ALBUQUERQUE (KRQE) – An environmental group wants to see Grizzly bears back on the landscape. The Center for Biological Diversity filed a petition Thursday, asking the U.S. Fish and Wildlife Service to update their 1993 Grizzly Bear recovery plan.
The Center for Biological Diversity says there are thousands of acres in the West where Grizzlies would thrive and more land means more Grizzlies and a better chance for their long-term survival. Yet, some groups aren’t so sure reintroduction is a good idea.
At one point, scientists believe there were up to 100,000 Grizzlies roaming the American West. Now, there are less than 2,000.
“Currently, the Grizzly bear survives in just a mere four percent of its historic range in the western United States,” said Center for Biological Diversity Endangered Species Director Noah Greenwald.
Grizzlies were put on the Endangered Species list in 1975. The Feds came up with a recovery plan for them more than 20 years ago. Now, the Center for Biological Diversity wants to see that plan updated and they’ve pointed out 110,000 square miles of habitat where they say Grizzlies would thrive. It includes the Gila in New Mexico and Arizona.
“For bears to survive in the long run, they need to occur in a wider area than they do. Recovery efforts have really only focused on the areas surrounding Yellowstone and Glacier National Parks. Those are the only places where healthy bear populations really occur and that’s just simply not enough to ensure their long-term survival,” explained Greenwald.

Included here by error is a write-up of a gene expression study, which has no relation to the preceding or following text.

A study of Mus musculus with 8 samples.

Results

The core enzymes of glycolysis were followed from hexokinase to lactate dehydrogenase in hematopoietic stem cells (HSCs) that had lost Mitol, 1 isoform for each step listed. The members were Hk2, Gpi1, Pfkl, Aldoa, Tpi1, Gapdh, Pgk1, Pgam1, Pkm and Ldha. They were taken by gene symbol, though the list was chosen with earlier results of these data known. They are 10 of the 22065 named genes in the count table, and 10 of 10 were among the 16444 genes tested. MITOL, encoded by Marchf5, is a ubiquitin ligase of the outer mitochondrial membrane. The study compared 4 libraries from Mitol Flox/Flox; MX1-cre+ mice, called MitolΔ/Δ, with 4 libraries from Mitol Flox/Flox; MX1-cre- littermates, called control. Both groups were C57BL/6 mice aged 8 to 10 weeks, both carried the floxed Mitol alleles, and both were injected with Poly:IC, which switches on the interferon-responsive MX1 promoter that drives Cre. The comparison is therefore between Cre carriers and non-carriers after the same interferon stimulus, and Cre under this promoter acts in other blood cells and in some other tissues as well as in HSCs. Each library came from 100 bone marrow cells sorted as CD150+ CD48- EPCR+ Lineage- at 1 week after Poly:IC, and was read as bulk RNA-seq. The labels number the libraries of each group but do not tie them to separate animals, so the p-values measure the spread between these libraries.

Experts with the group say Grizzlies are an important part of the ecosystem.
“As a top predator, they regulate deer and elk populations which keep those herds healthy. It also, in turn, benefits species that deer and elk forage on,” says Greenwald.
Yet, some aren’t so sure about the Grizzly’s return.
“It’s ridiculous, in our opinion and it’s such a waste of time but, at the same time, it’s extremely dangerous,” says New Mexico Cattle Growers’ Association’s Cathy Cowen.
Cowen says introducing the large predator to the land is not only dangerous for livestock, it’s also dangerous for people.
“How are people going to go to the Gila National Forest to camp and hunt and recreate when there’s a fear of Grizzly Bears there?” asked Cowen.
Greenwald says there are ways to protect livestock, like electric fences and livestock guard dogs. When it comes to people, he says it’s all about educating the public on how to live with bears.
The U.S. Fish and Wildlife Service say they’ve yet to review the petition.